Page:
The Art of Pairing Lenses and Lighting


  • The lighting at Pop’s uses a lot of reds and greens which make it hard to work with in a low light setting
  • The 35mm lens, even all the way open at f/1.8 at an ISO of 3200, still didn’t provide enough light for a good exposure
  • The 35mm seems to struggle to focus in low light settings

This was the forth time I’ve shot at Pop’s and I learn something new every time, which is awesome, but I think next time I will be sticking with my 50mm and waiting until they fire on the white back lighting to snap away instead of trying to compensate as the set changes lighting tones.  If the camera is set right the white back lighting can really make your subject’s silhouette pop, providing some definition amongst the dark background of the stage.

To compare and contrast the last three photos in the slide show are from last nights Twin Atlantic show at Lumiere Place Theatre where the lighting is so good that a f/1.8 aperture lens is almost too much.  I shot with my 50mm f/1.8 but had to set my settings at f/3.5, ISO 3200, and have my shutter speed cranked up to 500.  In photographing this show compared to Red Jumpsuit I made the following observations:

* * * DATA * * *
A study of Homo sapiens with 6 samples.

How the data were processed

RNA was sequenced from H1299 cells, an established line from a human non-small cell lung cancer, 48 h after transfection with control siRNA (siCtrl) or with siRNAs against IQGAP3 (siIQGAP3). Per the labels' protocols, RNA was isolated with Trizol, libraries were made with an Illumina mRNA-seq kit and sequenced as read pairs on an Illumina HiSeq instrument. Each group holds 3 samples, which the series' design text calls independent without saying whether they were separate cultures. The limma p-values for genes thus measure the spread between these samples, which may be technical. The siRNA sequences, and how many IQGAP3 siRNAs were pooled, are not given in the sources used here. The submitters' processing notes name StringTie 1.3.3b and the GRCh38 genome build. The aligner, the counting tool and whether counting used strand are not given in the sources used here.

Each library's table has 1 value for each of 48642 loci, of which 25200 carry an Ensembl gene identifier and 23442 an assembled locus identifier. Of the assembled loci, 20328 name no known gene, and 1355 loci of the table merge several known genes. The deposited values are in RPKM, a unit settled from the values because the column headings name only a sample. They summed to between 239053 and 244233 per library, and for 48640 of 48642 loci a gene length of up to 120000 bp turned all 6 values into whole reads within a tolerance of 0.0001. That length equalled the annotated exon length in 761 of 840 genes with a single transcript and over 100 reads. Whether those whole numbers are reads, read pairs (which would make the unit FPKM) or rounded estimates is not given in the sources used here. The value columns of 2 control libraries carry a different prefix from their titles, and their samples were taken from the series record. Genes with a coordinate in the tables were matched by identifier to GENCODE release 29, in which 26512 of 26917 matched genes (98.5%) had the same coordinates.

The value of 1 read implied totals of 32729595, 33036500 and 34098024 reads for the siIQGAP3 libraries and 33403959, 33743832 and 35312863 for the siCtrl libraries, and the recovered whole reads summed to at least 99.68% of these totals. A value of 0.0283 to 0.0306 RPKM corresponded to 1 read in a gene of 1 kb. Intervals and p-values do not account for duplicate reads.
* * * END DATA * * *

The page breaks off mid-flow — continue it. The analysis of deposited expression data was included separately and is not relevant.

• When a stage has front lighting, which most clubs don’t have, it provides more even lighting but can at times be harsh against light skin tones
  • ISO 3200 is way too high for this type of lighting
  • Possibly a kit lens with f/3.5-5.6 might have worked better than my standard go to 50mm lens

I’ve had conversations amongst other photographers and many people think I’m crazy for riding the thin line of possibly creating to much noise in my images by always defaulting to an ISO 3200.   Unfortunately the Nikon D3100 doesn’t let you manually dial this in so you are left with ISO 1600 or 3200, after you get past 800.  I have found that the best feature of my Nikon is that I can push the ISO a bit more and still get really good images to work with, which is what has made me a fan of their cameras.

I decided with this post to offer some insight on concert photography from a technical stand point as opposed to writing a blog entry that was more of a review of the shows, also because as you can see from the two slide shows each night I walked away with completely different quality of images.  I welcome anyone to offer some more insights or share their own experiences with photographing in low light situations.